Firestorm turns into appreciation for moving words


Augusta Mayor Deke Copenhaver shakes hands with Attorney Jim Wall on the steps of the John H. Ruffin Jr. Courthouse Wednesday afternoon in Augusta.  Zach Boyden-Holmes/Staff
Zach Boyden-Holmes/Staff
Augusta Mayor Deke Copenhaver shakes hands with Attorney Jim Wall on the steps of the John H. Ruffin Jr. Courthouse Wednesday afternoon in Augusta.

"We heard in the talk today that Justice Thomas has views that I'm sure Judge Ruffin would agree with," said his widow, Judith Ruffin. "But the fact that we have opposing views is not a reason for the denial of those expressions."

When Thomas was invited to speak last year, some in the community believed his views too sharply contrasted with those of Ruffin, a prominent Augusta civil rights lawyer who later became the first black chief judge of the Georgia Court of Appeals.

But on Wednesday, Thomas quickly warmed the crowd of about 600 lawyers, judges, local and state elected officials, city and courthouse personnel, contractors and members of the public, and took time after his speech to speak individually with many of them.

"I think it's particularly important that he pointed out the continuing need for impartiality among the judiciary," said Wayne Brown, an attorney for the city of Augusta.

"I think sometimes society forgets that the one reason we can remain such a peaceful and prosperous nation is that we all have one rule to go by, and that's the rule of law," Brown said.

Sen. Jesse Stone, R-Waynesboro, an attorney and one of several legislators to attend, said Thomas' speech set a high standard.

"It challenged us to really uphold the idea of justice," Stone said.

Rep. Winfred Dukes, D-Albany, said Thomas' speech was timely and his appearance "said a lot for the center and said a lot for Judge Ruffin. The city of Augusta should be very proud."

Joseph Wallace, 15, attended the dedication with a school group called Dream Builders.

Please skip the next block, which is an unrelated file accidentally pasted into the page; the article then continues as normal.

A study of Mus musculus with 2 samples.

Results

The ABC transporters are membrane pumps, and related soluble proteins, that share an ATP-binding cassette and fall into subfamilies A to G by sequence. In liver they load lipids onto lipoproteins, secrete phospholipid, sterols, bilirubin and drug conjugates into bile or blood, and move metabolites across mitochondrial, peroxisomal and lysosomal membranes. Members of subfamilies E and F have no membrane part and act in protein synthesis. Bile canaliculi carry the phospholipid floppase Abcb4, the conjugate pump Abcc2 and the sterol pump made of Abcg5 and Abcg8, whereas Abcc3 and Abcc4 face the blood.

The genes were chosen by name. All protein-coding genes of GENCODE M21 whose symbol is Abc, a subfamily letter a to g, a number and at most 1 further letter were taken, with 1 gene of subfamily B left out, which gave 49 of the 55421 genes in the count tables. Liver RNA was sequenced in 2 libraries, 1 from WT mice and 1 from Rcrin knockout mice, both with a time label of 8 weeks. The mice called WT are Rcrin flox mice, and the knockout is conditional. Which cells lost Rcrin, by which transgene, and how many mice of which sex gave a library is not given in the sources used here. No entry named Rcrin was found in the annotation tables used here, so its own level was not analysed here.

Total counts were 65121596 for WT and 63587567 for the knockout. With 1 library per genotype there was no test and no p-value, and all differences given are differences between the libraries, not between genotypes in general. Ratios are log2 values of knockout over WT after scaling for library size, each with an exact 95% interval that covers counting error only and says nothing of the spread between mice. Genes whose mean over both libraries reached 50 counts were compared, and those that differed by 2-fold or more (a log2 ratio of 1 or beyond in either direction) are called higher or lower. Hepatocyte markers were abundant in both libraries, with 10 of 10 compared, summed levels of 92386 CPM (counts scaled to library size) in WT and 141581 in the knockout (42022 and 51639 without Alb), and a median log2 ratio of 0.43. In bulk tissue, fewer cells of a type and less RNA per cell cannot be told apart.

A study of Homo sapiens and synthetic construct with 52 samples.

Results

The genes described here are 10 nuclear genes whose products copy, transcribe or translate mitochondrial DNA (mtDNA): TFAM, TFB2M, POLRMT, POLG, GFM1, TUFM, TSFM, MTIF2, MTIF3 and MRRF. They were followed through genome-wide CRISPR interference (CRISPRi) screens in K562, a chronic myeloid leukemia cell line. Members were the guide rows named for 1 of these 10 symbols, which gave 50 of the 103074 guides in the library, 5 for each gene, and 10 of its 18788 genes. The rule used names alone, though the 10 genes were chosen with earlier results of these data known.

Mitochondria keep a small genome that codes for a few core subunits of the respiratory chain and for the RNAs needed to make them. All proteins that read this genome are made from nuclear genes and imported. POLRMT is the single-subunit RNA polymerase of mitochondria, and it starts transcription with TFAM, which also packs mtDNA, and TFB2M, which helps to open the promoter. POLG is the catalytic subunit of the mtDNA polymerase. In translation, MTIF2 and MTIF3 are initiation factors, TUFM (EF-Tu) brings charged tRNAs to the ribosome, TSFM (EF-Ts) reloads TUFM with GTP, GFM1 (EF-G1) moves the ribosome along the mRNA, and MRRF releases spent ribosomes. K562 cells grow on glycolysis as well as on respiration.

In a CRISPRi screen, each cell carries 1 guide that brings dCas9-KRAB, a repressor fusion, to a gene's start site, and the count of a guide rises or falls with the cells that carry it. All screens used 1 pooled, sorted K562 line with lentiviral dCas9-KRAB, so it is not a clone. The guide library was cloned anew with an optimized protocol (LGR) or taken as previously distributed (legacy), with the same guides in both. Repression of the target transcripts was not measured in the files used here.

"I was really happy to see someone from Georgia to have such a high position," Wallace said. "I like that he is for equality among all U.S. citizens."

Augusta Commissioner Grady Smith said the event was "a big bright spot for Augusta. A great Georgian was here representing the Supreme Court. Everything was great."

Tax Commissioner Steven Kendrick said Thomas' speech "was very appropriate for the day. This isn't about the court of law, it's about Augusta reaching an accomplishment that was planned for the last decade and a half."

Stephen Hoyl, an architect with Woodhurst, one of the building's designers, was pleased to have a Supreme Court justice speak at the dedication.

"He spoke about the dignity of the building and why it needed to be dignified," Hoyl said.

The structure is actually two buildings in one, with courtroom facilities in a rectangular structure that parallels Walton Way and court offices within the curved structure that extends from it, he said.

On Sunday, a ceremony at the courthouse paying tribute to Ruffin's life will feature speeches by Georgia Supreme Court Justice Robert Benham and Chief Appeals Court Judge John J. Ellington.


Augusta Mayor Deke Copenhaver shakes hands with attorney Jim Wall on the steps of the John H. Ruffin Jr. Courthouse. About 600 people attended the dedication ceremony.

Hope some of his more rabid

Hope some of his more rabid critics will pause and ponder this.